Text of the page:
Produced and directed by Billy Wilder, it starred William Holden, Don Taylor, Robert Strauss, Neville Brand, Harvey Lembeck, and Peter Graves (Strauss and Lembeck both appeared in the original Broadway production); Wilder also cast Otto Preminger in the role of the evil camp commander.
The movie was adapted by Wilder and Edwin Blum from the Broadway play by Donald Bevan and Edmund Trzcinski who were both prisoners in Stalag XVII-B. (Trzcinski appears in the film as a prisoner.) The play was directed by José Ferrer and was the Broadway debut of John Ericson as Sefton. It began its run in May 1951, continued for 472 performances and was based on the experiences of its authors, both of whom were POWs in Stalag 17B in Austria.
Stalag 17 begins on "the longest night of the year" in 1944 in a Luftwaffe prisoner-of-war camp located somewhere along the Danube River. The story of a Nazi spy in Barracks Four is narrated by Clarence Harvey "Cookie" Cook (Gil Stratton).
The lives of the prisoners are depicted in a somewhat sanitized way. They receive mail, eat terrible food, wash in the latrine sinks, and collectively do their best to keep sane and defy the camp's cruel and ruthless commandant, Oberst von Scherbach (Otto Preminger). They use a clandestine radio, smuggled from barracks to barracks throughout the entire camp, to pick up the BBC and the war news. (The antenna is their volleyball net.) Their German guard, Sergeant Schulz (Sig Ruman), confiscates the radio, another success for the "stoolie," whoever he is.
Sefton bribes the guards to let him spend the day in the women's barracks in the Russian section of the camp. The other prisoners spot him through Sefton's own telescope and conclude that this is his reward for having informed the Germans about the radio. When he returns, he is accused of being a spy. At that moment, von Scherbach pays a visit to the barracks to apprehend new prisoner Lieutenant James Dunbar (Don Taylor), who had previously told the other prisoners that he had blown up a German ammunition train while he was being transported to the camp. The men are convinced that Sefton divulged Dunbar's act of sabotage to the Germans, and they viciously beat Sefton, after which he is ostracized. His considerable property is taken and redistributed to the rest of the prisoners. Sefton then decides to investigate and uncover the identity of the spy in order to clear his name. Eventually he remains in the barracks during a fake air raid and successfully discovers the identity of the spy: the barracks security chief, Price (Peter Graves), who Sefton overhears conversing with Schulz in German and divulging the means by which Dunbar destroyed the ammunition train.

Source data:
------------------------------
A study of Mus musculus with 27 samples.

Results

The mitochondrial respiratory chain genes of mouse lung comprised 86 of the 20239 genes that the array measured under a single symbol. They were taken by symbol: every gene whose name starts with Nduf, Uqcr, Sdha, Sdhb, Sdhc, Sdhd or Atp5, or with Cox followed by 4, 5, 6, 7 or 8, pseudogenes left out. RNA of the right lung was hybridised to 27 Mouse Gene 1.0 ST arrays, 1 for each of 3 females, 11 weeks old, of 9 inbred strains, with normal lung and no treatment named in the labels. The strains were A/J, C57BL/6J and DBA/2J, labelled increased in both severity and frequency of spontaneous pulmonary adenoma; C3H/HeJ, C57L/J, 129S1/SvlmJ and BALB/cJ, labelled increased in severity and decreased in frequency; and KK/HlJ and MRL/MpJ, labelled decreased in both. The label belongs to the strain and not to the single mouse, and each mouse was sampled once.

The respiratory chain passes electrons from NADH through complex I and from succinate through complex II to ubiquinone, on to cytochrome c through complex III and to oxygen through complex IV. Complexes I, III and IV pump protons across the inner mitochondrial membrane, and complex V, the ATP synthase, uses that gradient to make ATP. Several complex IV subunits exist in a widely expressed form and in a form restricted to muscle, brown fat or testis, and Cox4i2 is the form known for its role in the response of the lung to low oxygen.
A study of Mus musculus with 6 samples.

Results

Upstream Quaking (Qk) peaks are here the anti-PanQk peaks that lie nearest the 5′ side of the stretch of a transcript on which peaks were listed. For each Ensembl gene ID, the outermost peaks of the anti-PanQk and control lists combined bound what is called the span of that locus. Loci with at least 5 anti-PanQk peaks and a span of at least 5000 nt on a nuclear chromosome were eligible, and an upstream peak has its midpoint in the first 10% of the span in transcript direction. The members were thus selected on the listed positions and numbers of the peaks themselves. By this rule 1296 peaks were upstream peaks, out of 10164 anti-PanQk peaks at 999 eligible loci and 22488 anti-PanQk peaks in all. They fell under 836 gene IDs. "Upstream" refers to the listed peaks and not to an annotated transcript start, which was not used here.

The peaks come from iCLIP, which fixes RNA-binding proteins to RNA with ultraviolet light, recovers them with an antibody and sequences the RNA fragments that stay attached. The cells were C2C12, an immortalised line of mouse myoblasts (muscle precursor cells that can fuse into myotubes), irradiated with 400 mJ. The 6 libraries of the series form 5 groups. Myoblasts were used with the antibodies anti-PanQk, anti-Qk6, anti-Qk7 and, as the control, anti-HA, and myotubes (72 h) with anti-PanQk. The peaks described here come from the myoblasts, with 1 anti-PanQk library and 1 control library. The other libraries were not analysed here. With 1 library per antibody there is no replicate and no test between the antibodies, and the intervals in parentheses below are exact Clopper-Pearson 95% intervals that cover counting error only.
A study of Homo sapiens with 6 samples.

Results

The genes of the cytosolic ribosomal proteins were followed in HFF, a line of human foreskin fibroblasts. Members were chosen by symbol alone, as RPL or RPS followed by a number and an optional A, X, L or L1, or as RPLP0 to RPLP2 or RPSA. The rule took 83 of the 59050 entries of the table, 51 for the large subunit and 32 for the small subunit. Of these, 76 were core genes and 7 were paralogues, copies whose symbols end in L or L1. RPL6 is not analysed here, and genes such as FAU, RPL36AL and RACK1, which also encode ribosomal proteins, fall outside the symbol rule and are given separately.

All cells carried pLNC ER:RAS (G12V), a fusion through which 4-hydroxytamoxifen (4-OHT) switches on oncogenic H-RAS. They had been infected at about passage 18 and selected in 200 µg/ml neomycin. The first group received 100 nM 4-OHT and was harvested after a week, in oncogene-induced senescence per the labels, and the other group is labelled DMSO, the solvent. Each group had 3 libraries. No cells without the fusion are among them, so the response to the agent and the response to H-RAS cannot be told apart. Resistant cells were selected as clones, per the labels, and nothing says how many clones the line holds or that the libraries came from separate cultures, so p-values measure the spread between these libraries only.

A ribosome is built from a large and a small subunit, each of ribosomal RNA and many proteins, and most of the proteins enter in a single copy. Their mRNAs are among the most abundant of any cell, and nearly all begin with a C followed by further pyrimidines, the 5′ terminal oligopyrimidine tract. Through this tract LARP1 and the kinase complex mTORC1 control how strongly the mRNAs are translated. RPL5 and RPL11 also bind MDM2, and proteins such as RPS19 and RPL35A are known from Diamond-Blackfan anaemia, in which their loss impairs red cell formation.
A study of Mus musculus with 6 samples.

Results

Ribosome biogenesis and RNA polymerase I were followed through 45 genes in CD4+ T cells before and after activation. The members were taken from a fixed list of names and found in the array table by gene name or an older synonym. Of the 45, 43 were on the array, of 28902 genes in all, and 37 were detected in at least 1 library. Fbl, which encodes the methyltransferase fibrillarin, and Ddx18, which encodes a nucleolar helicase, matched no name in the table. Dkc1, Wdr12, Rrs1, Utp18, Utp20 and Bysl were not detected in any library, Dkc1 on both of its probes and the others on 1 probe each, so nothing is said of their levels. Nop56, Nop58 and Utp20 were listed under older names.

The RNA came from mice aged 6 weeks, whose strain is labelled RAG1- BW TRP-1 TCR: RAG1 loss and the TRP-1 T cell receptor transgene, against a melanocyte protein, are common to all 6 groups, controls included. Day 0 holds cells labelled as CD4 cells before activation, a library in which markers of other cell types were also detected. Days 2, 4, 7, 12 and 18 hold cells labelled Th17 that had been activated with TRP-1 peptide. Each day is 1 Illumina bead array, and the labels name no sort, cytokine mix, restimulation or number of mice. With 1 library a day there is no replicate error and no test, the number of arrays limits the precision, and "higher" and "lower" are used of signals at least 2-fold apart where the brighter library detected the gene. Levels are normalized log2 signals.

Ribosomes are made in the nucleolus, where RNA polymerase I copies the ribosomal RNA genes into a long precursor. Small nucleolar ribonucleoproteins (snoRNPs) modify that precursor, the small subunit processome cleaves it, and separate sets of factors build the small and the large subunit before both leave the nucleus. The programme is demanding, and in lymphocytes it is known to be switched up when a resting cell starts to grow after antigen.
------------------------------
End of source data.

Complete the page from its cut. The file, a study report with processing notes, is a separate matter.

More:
Sefton divulges the theory to his only friend in the camp, Cookie. He points out that the stoolie may not be an American traitor at all but a German spy posing as an American to ferret out information. However if he reveals and proves Price is the stoolie the Germans would simply remove him and put him in another camp.
On Christmas Day, the men find out that SS men are coming to take Dunbar to Berlin for interrogation. The entire camp creates a distraction and Dunbar is freed and hidden. Nobody but the compound chief Hoffy (Richard Erdman) knows of Dunbar's whereabouts, and he refuses to divulge the information to anybody, even the supposedly trustworthy Price. Dunbar is thus successfully kept from the Germans despite extensive search efforts. After von Scherbach threatens to raze the camp to find Dunbar, the men decide one of them must help Dunbar escape. Price volunteers for the job, and when he appears to have convinced the other prisoners to let him do it, Sefton reveals him as the spy. After accusing Price, Sefton asks him "When was Pearl Harbor?" Price knows the date, but Sefton traps him by quickly asking what time he heard the news. Without thinking, Price betrays himself by answering 6 p.m. — the correct time of the attack in Berlin, Germany, and not Cleveland, where he claims to have come from. After that, Sefton reaches into Price's jacket pocket and extracts the "mailbox" used to exchange messages with the Germans, a hollowed-out black chess queen.
With his fellow POWs convinced of Price's guilt, Sefton decides to take Dunbar out of the camp himself, first because he likes the odds of escape and second due to the reward he can expect from Dunbar's wealthy family. The men give Sefton enough time to get Dunbar out of his hiding place (the water tower above one of the camp latrines) then throw Price out into the yard with tin cans tied to his legs. The ruse works: Price is killed in a hail of bullets (to the later consternation of von Scherbach and Schulz) by camp guards who believe him to be Dunbar or one of the other prisoners, creating a distraction that allows Sefton and Dunbar to cut through the barbed wire and make their escape.